Portuguese Alliance to Topple Coelho Sends Bond Yields Higherby
Socialists, Left Bloc, Communists unite to replace premier
Costa government would speed end to post-bailout spending cuts
A loose alliance of Portuguese opposition parties is poised to topple the government, sending the country’s bond yields higher on concerns about political instability and plans to roll back spending cuts tied to the country’s previous international bailout.
The 10-year bond fell, sending the yield to a four-month high on Monday after the Socialist party, led by Antonio Costa, approved a plan to join forces with three other parties to oust Prime Minister Pedro Passos Coelho’s administration in a Tuesday vote.
The vote threatens to plunge Portugal back into political uncertainty just a month after the country’s first general election since 2011. Social Democratic premier Coelho has struggled to form a viable administration after his coalition fell short of the majority it held in the past four years when Portugal completed its European bailout program.
The Socialist-led program “is clearly less market-friendly than the one of the incumbent government,” said Clement Mary-Dauphin and other analysts at Royal Bank of Scotland Group Plc said in an e-mailed note.
Coelho will fall if the Socialists and their allies close ranks and guarantee a majority in parliament to reject the program in a scheduled vote. President Anibal Cavaco Silva, who has the power to name prime ministers, would then decide if he’ll ask Costa to form a government. Parliament can’t be dissolved less than six months after it’s elected, meaning Cavaco Silva doesn’t have the option of calling fresh elections.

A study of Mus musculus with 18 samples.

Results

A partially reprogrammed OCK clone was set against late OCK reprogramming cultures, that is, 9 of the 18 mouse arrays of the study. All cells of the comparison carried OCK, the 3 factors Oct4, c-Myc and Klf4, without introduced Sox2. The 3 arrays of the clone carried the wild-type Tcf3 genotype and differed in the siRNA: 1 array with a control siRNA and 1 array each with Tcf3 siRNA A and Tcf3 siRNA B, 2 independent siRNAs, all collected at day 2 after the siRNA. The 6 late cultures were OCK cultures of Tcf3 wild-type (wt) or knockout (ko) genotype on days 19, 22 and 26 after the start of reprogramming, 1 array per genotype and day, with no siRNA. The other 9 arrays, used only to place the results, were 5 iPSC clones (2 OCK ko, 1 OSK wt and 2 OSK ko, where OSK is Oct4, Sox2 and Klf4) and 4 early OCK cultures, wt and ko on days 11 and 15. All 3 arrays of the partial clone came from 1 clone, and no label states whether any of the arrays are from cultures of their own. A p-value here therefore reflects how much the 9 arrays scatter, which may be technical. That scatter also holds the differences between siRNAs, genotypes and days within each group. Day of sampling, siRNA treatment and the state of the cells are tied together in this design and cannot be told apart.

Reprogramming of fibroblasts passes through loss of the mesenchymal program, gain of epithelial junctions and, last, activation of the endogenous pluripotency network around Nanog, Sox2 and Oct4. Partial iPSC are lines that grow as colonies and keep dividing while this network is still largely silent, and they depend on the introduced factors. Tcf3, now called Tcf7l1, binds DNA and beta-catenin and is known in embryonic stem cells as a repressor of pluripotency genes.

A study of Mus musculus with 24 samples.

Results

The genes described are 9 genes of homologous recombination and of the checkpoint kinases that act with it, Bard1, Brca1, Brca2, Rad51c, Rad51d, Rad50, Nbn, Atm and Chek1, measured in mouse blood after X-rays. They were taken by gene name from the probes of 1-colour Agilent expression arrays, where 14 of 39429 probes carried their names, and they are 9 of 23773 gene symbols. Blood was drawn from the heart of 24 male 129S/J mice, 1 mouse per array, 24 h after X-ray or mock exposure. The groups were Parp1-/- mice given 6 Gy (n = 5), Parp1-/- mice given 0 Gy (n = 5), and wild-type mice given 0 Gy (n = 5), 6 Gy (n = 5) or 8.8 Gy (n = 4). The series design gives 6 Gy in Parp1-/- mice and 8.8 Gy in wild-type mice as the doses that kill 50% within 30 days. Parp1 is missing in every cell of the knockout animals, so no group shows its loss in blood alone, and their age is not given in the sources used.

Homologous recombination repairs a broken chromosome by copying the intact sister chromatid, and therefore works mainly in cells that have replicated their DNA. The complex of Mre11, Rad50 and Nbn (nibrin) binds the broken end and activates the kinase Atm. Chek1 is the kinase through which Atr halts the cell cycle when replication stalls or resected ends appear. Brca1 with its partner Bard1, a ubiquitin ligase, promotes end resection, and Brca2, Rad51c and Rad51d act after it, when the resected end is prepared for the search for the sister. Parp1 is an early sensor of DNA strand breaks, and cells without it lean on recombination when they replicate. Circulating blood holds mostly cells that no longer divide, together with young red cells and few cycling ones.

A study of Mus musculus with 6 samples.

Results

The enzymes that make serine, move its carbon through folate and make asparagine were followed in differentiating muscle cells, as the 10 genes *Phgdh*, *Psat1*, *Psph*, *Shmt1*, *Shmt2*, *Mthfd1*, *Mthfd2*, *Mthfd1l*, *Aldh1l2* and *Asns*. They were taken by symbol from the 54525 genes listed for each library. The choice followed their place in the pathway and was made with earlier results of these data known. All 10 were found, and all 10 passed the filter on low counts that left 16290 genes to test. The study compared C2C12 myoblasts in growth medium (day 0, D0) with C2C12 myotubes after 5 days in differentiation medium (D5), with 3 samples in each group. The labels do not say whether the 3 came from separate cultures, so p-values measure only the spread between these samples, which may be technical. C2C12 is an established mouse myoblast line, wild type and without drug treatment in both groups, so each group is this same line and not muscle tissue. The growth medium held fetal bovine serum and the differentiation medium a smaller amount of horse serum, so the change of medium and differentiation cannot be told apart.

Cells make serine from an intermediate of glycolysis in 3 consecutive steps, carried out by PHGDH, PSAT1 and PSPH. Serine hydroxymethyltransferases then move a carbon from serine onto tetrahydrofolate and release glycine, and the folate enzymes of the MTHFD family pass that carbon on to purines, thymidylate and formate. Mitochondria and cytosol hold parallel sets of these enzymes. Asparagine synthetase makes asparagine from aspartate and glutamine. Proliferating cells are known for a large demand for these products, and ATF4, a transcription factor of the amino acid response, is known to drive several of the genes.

“The conditions are in place to form a Socialist Party government supported by a majority in parliament,” the party said in a statement e-mailed early on Monday. The Socialist government can be “stable” and last for a full term, it said.
The Socialists, Left Bloc and Communists can together muster a majority. Lawmakers will start discussing the proposed program at 3 p.m. on Monday.
“The Communist Party reaffirms there is no political or institutional reason that can be invoked by the president to question this government solution,” leader Jeronimo de Sousa said on Sunday. “There is a majority in parliament that’s enough for the Socialist Party to form a government, present its program, take office and adopt a policy that ensures a lasting solution for the full term.”
Ten-year yields rose 17 basis points to 2.85 percent as of 11:28 a.m. London time, after
reaching 2.87 percent, the highest since July. While the security traded as high as 18 percent three years ago at the height of Europe’s debt crisis, it was as low as 1.5 percent in March and 2.3 percent just before the elections.
The Left Bloc has said that it wants to restructure the country’s debt, and the Communists have said Portugal should prepare to exit the euro. The Socialists, who requested the bailout and then lost the 2011 election, have been less radical, voting alongside Coelho’s coalition on policies including the treaty establishing the European Stability Mechanism rescue fund.
This week’s parliamentary drama follows a frenetic weekend of political developments in Lisbon. The Socialists agreed with the Left Bloc, Communists and Greens on some matters to include in a government program, Costa said on Friday night. He had said he would only reject Coelho’s plan if the Socialists could offer an alternative.
Then the Socialist Party’s National Commission on Saturday approved Costa’s proposed program, which includes a gradual increase in the minimum wage and a proposal to study changing income-tax brackets. The Socialists also want to reverse state salary cuts and bolster families’ incomes. The budget deficit is forecast to be lower than the EU limit of 3 percent of gross domestic product through 2019.
The ruling coalition parties took 107 of the 230 seats in parliament in the Oct. 4 election, including 89 for Coelho’s Social Democrats. The Socialists have 86 members of parliament, while the Left Bloc and Communists hold 19 and 15 seats, respectively. The Greens have two lawmakers.